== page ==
Well, I can only go by my previous experience. I'm sure you have read that players try to dial in any amp they use for their choice of specific tones.
On some amps, such as Vox and related amps, the chime and glassiness will come naturally, and of course single coils enhance that experience.
If I want that aspect of an amp when I play, I have found that I would have to switch to an amp that offers that tone as part of the inherent sound the amp will put out from how it's wired.
I have tried getting a glassy sound from some amps I used to use, but I have not had the success I desired in achieving that tone. Also, I use humbuckers for the tones I need, as I have the lightest gauge strings I can find, 7-32, so I have to find ways to artificially boost the fatness of my tone as a result.
If I wanted more glassy tones, I would opt for Fenders and Vox. Some amps might put out these sounds, but they might tend to sound phony, or artificial, compared to other amps.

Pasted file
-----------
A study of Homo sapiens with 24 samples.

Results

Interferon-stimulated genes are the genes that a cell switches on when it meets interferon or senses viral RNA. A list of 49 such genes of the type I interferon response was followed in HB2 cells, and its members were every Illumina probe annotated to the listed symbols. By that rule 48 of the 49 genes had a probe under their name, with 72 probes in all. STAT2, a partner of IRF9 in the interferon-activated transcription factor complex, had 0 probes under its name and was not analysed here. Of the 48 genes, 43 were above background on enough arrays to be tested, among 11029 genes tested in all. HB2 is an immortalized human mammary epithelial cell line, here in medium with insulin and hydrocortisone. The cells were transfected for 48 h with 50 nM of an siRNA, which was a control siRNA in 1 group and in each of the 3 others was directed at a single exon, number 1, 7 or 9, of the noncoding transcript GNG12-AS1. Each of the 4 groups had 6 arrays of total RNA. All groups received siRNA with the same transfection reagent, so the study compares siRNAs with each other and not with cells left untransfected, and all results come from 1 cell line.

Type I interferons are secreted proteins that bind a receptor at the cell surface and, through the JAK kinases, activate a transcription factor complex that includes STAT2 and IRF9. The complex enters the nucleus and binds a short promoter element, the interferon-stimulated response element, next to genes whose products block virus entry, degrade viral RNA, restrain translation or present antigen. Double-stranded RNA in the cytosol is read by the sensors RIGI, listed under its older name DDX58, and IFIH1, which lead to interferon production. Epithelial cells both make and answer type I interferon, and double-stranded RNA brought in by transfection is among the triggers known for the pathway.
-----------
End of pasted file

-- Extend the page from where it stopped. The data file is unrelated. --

Everything influences everything else.the pickup,pickup height,caps,pedals,amp preamps,gain stages,eq,pi,ot,output valves,cathode or fixed biased,speakers,cabinet,room,net voltage,humidity,temperature.and, if it,s not that then.....you.
Before all the other "changes" noted here. I recommend 2 simple things. first. Change the angle of your speaker cab in relationship to the room and your ear. Second. Try using a different pick. Buy 30 different types if you must I promise you they will all sound differently. It's a lot cheaper to buy a pick than it is cables, speakers,cabs, amps.
If you can't find a pleasing tone with those 2 changes. It mostly likely is not the equipment but a greater expectation of your abilities than is factual.